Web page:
Health Services Research & Policy ■ Clinical Practice Management ■ Training & Education ■ Leadership
Health Services Research & Policy ■ Clinical Practice Management ■ Training & Education ■ Leadership
Health Services Research & Policy
■ Clinical Practice Management
■ Training & Education ■ Leadership

The Deadly Sins of Writing for Publication – Part III: The Sins of Verbosity and Poor Writing

As I detailed in part II of this series, authors used to publishing without putting in their best effort or bullying their way to publication over the advice of reviewers and editors can result in publications having lesser impact than they might have had with greater diligence. In this post, I address the sins of verbosity and poor writing. Both are endemic in writings by physicians.

 Although many medical schools claim to be looking for well-rounded students, most ultimately select matriculates who performed the best in undergraduate science and technology programs. In many cases, these programs are so demanding that students receive little exposure to liberal arts courses that would have provided opportunities to hone critical thinking, speaking, and writing skills. I view these skills as essential to developing careers focusing on politics, administration, and research. As a result, I frequently am confronted with manuscripts that are difficult to read. In extreme cases, the writing is so indecipherable, so wooden, or so wordy that even the best of editors can miss a valuable kernel of new knowledge and reject a manuscript that, if better written, might have been accepted for publication.

The Sin of Verbosity

For a fool speaks nonsense. - Isaiah 32:6

The point of any writing is to tell an important, instructive story as interestingly as possible. In doing so, accomplished authors employ a variety of styles. Indeed, one of the great pleasures of reading comes with appreciating the many different ways to successfully tell a good story. However, because space in medical journals is limited and because the attention span of most readers is limited, writing for publication in medical journals usually requires a greater economy of style than writing intended for many other types of publications. In this regard, there are two verities:
  • The manuscript should contain the number of words needed to fully express the content… No fewer, no more.
  • The attention span of most modern readers is brief; shorter articles are more likely to be read than longer articles.

The Sin of Poor Writing
You shall teach [these rules] to your children, talking of them when you sit in your house… And you shall write them on your door posts and on your gates.- Deuteronomy 11:20

It takes desire and practice to achieve the goal of economic writing essential to a publication reaching its full value. There is much more to learning how to accomplish this than I have space available, so I will proceed directly to what I consider most important:
  • Write short, direct, active sentences, using straightforward understandable language. 
  • Split long, complicated sentences into two — or sometimes three — shorter sentences.
  • When you have a choice of words that apply to what you wish to say, choose the simplest, most familiar word among them.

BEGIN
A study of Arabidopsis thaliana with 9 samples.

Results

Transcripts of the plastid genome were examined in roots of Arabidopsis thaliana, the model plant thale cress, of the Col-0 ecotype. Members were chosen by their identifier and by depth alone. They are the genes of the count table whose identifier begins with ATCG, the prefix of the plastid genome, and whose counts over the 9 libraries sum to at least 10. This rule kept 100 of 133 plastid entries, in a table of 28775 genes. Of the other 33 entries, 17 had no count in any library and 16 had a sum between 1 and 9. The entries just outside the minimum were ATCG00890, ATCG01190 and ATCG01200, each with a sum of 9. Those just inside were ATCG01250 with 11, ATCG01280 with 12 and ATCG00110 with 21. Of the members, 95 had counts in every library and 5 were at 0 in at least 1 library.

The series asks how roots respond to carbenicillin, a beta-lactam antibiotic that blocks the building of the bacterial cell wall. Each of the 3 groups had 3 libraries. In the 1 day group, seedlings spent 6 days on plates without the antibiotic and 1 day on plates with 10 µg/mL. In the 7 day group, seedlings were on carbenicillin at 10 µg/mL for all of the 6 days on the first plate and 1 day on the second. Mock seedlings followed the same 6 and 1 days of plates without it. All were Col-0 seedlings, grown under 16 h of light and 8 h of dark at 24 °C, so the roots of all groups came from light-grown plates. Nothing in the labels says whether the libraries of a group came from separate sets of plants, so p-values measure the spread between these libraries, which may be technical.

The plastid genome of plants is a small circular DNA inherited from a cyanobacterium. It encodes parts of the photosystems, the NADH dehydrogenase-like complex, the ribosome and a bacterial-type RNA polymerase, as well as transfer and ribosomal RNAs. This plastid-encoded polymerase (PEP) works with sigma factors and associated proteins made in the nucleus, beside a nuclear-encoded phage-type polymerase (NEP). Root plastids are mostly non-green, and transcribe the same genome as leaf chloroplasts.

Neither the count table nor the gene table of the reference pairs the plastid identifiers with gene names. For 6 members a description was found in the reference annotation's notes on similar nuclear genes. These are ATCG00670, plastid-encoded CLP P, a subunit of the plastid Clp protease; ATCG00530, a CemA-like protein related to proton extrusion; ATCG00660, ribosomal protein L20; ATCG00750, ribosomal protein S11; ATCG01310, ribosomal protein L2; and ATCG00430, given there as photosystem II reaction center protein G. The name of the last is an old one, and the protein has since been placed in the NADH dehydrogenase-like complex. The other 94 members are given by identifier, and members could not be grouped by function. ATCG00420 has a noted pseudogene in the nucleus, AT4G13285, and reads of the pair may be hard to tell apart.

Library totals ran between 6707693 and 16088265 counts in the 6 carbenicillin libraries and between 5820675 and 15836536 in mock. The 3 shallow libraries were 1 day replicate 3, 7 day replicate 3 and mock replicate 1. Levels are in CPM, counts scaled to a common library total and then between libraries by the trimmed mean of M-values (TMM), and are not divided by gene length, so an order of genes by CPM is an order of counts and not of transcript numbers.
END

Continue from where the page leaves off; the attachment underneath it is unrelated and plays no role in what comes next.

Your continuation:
• Avoid the passive voice.

Here is an extreme example of bad writing and how it could be improved:

Bad Writing: "Our machinations were intended to transmogrify simple sounding truths into concupiscent folderol for the sole sake of obfuscating meaningless tripe and thereby furthering the inevitability of our ascension to academic Valhalla."
Better Writing: "We manipulated the data for our own pleasure-seeking entertainment. We did so to reduce the possibility that readers would recognize the poor quality of our work. Our motive was to further our academic careers."

An especially wooden writing style overly relies on the passive voice. This style is endemic among authors who have been told by their elders that it is anathema in scientific publication to use the first-person pronouns, "I" or "we." As a result, their manuscripts are boring litanies, often no more interesting stylistically than an amateurish reading of the Kenosha, Wisconsin, phone book. While beginning active sentences with "I" or "we" may be a little better, an entire manuscript of this approach also is likely to prove tedious. Rather, a dedication to the active voice should breed more creative ways of getting across the message. Here is an example:

Passive Voice: "The images were blinded and randomized. The images were assessed by 8 readers for the presence of an abnormality. The data derived from the readings were entered into an Excel spreadsheet then analyzed for statistical significance."
Active Voice: "Eight radiologists interpreted the blinded and randomized images. I entered the resultant data into an Excel spreadsheet, which formed the basis for the study statistician's analysis."

Good writing for scientific publication requires education, training, and, above all else, practice. Many busy physicians may make the decision that good enough is, in fact, good enough. However, in my opinion, more successfully transmitting the knowledge you wish to impart when you decide to write for publication is worth the effort.

Find more publishing advice in parts I and II of this series.


  By Bruce J. Hillman, MD, FACR, JACR Editor-in-Chief, from the Departments of Radiology and Medical Imaging and Public Health Sciences, the University of Virginia, Charlottesville, Va.